Some airlines are marking milestones by marking up their airplanes with special designs

Hello Kitty and other Sanrio Family characters adorn EVA Air’s newest themed jet, Joyful Dream.
Source: EVA Air

Like decorative or commemorative T-shirts, elaborate airplane paint are like giant ads that promote airline brands or mark special occasions. These so-called "liveries" have a host of unique designs, and CNBC recently took a look at some of the new versions flying the friendly skies.

The newest Boeing 787-9 Dreamliner for Sydney, Australia-based Qantas features artwork honoring Aboriginal and Torres Strait Islander Australians.
Source: Qantas

Qantas goes dotty

The newest Boeing 787-9 Dreamliner for Sydney, Australia-based Qantas is covered in a unique design based on "Yam Dreaming," a painting by the late indigenous artist Emily Kame Kngwarreye.

The bold red and white livery features close to 5000 dots, and is only the second time in the airline's history that its iconic flying kangaroo (always on the aircraft tail) has been changed to become part of a special painted design.

New aircraft livery - minus the traditional yellow coloring - is part of Lufthansa's new, modernized brand image revealed on February 7.
Source: Lufthansa

Lufthansa rebrands for the digital age

A new livery – the first in almost thirty years – is a major piece of a larger brand update German flag carrier Lufthansa revealed on February 7.

"Against the backdrop of digitalization and changing customer requirements, Lufthansa recognized that the company needed to modernize the aircraft appearance in order to remain up to date," the airline said a statement.

Displayed first on a Boeing 747-8 and an Airbus A321, the new paint scheme no longer features any of Lufthansa's well-worn yellow, but instead focuses instead on a simpler blue-and-white design. The new livery does keep the carrier's signature crane on the tail, but with a thinner ring that the airline says makes it look more elegant, and gives it more space.

United Airlines retired it last Boeing 747 aircraft in November 2017 with a special 'retro' flight to Honolulu.
Harriet Baskas | CNBC

United Airlines looks forward with a look back

In November, United Airlines retired its last Boeing 747 passenger aircraft. The company gave the iconic humped jumbo jet, known at the "Queen of the Skies," a special send-off. A 'retro' flight re-enacted the airline's first 747 commercial flight from San Francisco to Honolulu on July 23, 1970. The flight included Mai Tais and other food and drinks featured on the 1970's era in-flight menu, and a special livery featuring the "Friend Ship" design used on the jet's first flight.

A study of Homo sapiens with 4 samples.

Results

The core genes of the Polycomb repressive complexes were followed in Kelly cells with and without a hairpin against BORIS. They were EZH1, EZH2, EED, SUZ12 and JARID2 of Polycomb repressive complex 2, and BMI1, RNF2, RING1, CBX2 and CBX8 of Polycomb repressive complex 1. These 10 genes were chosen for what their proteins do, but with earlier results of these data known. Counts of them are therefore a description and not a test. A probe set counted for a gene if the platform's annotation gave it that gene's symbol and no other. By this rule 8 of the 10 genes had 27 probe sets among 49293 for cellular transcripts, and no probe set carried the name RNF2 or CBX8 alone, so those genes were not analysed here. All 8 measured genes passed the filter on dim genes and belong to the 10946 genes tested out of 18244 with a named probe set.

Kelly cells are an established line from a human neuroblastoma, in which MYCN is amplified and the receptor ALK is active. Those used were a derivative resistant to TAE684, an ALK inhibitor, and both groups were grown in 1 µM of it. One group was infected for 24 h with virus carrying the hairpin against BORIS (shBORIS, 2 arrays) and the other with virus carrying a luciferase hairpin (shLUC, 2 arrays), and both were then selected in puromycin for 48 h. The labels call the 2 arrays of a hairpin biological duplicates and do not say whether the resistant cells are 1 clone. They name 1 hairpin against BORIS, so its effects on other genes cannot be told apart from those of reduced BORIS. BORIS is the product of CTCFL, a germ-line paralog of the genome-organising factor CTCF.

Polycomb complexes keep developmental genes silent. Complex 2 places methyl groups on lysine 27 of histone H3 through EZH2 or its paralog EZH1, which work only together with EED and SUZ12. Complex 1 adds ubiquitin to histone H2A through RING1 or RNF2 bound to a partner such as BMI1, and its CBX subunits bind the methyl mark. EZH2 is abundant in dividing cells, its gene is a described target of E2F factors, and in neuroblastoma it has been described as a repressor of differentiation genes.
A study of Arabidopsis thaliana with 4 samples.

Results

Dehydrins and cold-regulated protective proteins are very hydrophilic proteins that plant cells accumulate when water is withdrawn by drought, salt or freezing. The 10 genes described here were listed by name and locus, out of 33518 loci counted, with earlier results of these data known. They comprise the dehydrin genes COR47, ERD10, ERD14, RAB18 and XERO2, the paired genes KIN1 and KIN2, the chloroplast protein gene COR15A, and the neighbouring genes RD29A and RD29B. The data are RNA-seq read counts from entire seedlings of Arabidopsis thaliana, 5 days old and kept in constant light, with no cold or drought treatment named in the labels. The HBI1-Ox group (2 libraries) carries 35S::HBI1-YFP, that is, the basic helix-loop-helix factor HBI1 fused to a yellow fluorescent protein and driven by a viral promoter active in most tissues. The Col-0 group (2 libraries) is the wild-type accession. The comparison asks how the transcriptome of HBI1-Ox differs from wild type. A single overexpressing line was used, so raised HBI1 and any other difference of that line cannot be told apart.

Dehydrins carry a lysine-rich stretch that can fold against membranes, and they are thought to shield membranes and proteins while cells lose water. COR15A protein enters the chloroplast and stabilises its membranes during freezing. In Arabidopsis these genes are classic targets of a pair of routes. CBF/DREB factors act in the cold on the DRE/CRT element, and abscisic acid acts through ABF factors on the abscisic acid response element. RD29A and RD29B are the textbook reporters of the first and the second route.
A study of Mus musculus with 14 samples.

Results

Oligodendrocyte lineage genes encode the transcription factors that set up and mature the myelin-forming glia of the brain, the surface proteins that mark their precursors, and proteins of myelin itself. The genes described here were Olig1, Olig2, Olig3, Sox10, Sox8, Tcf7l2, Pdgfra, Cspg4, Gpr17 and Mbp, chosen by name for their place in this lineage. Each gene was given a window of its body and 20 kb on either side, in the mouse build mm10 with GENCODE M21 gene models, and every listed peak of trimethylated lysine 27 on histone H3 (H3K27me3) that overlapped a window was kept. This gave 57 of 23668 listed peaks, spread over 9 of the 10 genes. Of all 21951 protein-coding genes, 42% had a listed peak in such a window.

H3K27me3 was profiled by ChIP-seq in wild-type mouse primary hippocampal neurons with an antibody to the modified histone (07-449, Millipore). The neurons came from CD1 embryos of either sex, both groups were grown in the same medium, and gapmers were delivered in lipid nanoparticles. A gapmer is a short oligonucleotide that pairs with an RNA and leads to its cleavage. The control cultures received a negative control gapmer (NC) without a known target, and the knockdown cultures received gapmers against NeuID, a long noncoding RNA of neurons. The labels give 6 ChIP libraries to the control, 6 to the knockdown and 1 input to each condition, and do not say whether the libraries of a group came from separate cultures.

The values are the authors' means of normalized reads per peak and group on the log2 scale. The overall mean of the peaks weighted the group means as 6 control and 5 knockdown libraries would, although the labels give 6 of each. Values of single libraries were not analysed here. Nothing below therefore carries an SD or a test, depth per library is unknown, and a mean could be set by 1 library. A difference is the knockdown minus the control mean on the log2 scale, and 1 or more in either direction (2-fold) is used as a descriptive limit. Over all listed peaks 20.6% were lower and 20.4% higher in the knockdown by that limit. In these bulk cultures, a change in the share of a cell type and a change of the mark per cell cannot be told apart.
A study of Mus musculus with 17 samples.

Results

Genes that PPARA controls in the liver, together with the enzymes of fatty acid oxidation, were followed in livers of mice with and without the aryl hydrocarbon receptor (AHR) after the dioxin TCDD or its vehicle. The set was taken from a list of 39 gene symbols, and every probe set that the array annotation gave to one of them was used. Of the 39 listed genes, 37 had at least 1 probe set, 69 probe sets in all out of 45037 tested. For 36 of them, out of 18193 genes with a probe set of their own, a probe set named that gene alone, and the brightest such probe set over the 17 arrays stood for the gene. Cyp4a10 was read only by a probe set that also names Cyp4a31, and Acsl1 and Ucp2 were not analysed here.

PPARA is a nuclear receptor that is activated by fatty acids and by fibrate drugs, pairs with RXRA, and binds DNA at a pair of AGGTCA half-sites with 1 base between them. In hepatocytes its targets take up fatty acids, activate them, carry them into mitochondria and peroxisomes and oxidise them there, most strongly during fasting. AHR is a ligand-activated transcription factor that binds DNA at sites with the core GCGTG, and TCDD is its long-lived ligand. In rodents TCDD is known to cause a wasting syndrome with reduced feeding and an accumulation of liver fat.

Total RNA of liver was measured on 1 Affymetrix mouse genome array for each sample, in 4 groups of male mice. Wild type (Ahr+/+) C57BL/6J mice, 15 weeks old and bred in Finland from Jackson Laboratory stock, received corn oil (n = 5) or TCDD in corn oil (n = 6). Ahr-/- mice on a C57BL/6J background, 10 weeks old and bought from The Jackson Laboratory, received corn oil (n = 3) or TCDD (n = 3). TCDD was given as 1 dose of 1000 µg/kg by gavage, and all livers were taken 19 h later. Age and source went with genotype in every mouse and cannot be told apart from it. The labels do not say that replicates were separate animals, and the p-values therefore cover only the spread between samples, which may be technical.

KLM created a special farewell livery bearing a portrait of aircraft manufacturer Anthony Fokker for the final phase out of the carriers use of Fokker 70 aircraft.
Source: KLM

KLM says farewell to its Fokkers

Airlines replace and retire aircraft all the time, but when Dutch carrier KLM retired the last Fokker aircraft in its Cityhopper fleet last October, the good-bye was especially bittersweet. That's because Fokker, the Dutch aircraft manufacturer that made the planes KLM first flew when the airline was formed 97 years ago, has always had been a staple of the airline.

To honor the long partnership, last year KLM applied a special livery featuring the portrait of aviation pioneer and airplane manufacturer Anthony Fokker to an aircraft that it retired on October 28.

In December 2017 Air France launched "Joon," an airline aimed at serving "millennials whose lifestyles revolve around digital technology."
Source: Air France

Air France launches jaunty Joon

To battle the ultra-low-cost carriers that have been nibbling away at its market share, in Paris-based Air France recently introduced a new airline called Joon. The carrier is using it to target is young and always-connected "millennials whose lifestyles revolve around digital technology."

By summer 2018, Joon will be flying from Paris to 13 short and long-haul destinations. In addition to YouJoon, an inflight streaming system that passengers can access on their smartphones, laptops or tablets, Joon's hopes to signal it hipness with a visual identity that has at its core an electric blue color featured in crew uniforms and in the airline's livery.